Workers looked at a large slab of concrete that could be seen wedged between the Central Garage and an extension being built at Logan.Aram Boghosian for The Boston Globe/Globe Freelance

A 53-year-old ironworker was critically injured Friday morning at Logan International Airport when he fell some 40 feet to the ground after a 32-ton concrete panel he was trying to secure fell from a crane hoisting it to the third floor of a parking garage under construction.

The injured worker, who is from Seymour, Conn., suffered serious injuries and was rushed to Massachusetts General Hospital, where he was listed in critical condition Friday afternoon, State Police said in a statement.

The preliminary investigation indicates that the man, who is employed by Blakeslee Prestress Inc., was standing on the third floor of the parking garage when the precast concrete panel dropped to the ground, the statement said.


“The worker, who had been trying to secure the panel, also fell the approximately 40 feet to the ground,’’ State Police said.

Work at the site has been halted pending a review by US Occupational Safety & Health Administration, State Police said.

The injured man is a member of Ironworkers Local Union 424 in New Haven, Conn., said Jim Doheny, the business manager.

He said he drove to MGH with the man’s wife and daughter after the accident. Doheny declined to identify him.

“He’s been in surgery all afternoon,” Doheny said. “We’re just waiting for the surgeons to come back and give us some good news.”

The approximately $80 million parking garage project is being built by Turner Construction Co., state officials said. Blakeslee Prestress, which has offices in Connecticut and Massachusetts, is a subcontractor, according to State Police.

A woman who answered the phone at Blakeslee Prestress’ office in Branford, Conn. said the company had no comment. E-mails and telephone messages left for Blakeslee employees were not returned Friday. The company has built three other parking garages at Logan, according to its website.


Christopher McFadden, a Turner spokesman, said the company is investigating how the accident happened.

“That’s what we’re trying to figure out right now,” he said. In a statement, Turner said it is providing its “full support” to investigations being conducted by State Police, Massachusetts Port Authority, and OSHA.

OSHA has begun inspecting the site to determine whether there were any violations of workplace safety at the site that may have contributed to the accident, said Ted Fitzgerald, an agency spokesman.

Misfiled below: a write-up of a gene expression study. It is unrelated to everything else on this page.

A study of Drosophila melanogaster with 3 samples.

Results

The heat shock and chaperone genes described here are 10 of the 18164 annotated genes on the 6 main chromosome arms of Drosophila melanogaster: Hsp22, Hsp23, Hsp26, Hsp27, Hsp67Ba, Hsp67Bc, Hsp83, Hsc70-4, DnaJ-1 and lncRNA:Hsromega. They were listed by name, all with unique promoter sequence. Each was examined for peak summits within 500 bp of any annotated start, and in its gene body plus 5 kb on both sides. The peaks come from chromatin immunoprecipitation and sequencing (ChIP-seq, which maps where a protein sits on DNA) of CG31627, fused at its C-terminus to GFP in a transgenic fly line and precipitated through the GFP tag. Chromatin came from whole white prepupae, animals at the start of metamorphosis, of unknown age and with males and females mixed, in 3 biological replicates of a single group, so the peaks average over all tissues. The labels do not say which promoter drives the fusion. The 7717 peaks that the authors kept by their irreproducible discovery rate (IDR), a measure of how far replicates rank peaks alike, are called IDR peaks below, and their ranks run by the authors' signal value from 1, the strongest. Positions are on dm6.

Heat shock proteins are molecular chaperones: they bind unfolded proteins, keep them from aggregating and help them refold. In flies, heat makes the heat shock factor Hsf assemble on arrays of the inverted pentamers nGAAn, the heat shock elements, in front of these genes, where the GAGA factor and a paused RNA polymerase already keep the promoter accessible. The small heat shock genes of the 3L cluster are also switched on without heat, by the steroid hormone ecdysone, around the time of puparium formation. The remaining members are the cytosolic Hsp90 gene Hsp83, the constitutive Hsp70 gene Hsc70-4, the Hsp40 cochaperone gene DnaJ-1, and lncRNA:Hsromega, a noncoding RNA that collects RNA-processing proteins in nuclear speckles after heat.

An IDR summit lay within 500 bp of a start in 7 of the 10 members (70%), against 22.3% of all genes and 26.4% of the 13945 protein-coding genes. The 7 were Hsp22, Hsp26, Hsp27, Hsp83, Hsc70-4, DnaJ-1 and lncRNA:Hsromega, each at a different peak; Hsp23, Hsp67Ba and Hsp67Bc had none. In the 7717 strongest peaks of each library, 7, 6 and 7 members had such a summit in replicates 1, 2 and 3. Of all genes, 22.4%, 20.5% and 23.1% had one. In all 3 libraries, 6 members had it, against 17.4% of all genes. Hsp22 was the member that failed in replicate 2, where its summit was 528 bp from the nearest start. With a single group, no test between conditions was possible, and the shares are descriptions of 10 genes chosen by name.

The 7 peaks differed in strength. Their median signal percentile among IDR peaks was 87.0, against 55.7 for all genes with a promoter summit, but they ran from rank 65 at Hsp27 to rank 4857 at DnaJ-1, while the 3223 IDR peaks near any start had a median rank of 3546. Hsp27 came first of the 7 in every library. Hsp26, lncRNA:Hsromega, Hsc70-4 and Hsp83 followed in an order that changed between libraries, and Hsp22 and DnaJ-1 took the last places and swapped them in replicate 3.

State Department of Public Safety inspectors also visited the site and are examining whether any regulations governing the use of hoisting equipment, including cranes, were violated, said spokesman Felix Browne.

The 10-story garage under construction is expected to add 1,700 parking spaces to the Central Parking Garage, according to Massport.

Workers began laying precast concrete slabs like the one that dropped to the ground in April, the state official said. Construction is scheduled to be completed later this year.

Following the incident, workers could be seen looking at a concrete slab on the ground, wedged between the existing garage and the portion under development. Two orange lifts were positioned on the third floor of the construction site, and a blue and white crane stood nearby, its arm pointed toward the upper levels of the garage.

One man could be seen photographing a small section of concrete reinforced with rebar that appeared to have sustained minor damage. Some pieces of rebar on one of the supports were bent out of shape while the top of a piece of rebar was missing on another support.


Chunks of concrete were also missing from two different precast concrete panels that were already in place.

The garage being built is next to the pedestrian walkway connecting terminals A and E. Seven panes of glass in the walkway were damaged and replaced with plywood Friday.

The accident comes after the deaths of two workers at other construction sites in recent weeks.

Charles Pace, 65, of Whitman, died June 30 when a mound of sand collapsed on the bulldozer he was driving in Plymouth. Ronald Morse II, 40, died June 11 after a temporary elevator attached to the outside of a Somerville construction site fell to the ground.

Globe correspondent Aram Boghosian contributed. Laura Crimaldi can be reached at laura.crimaldi@globe.com. Follow her on Twitter @lauracrimaldi.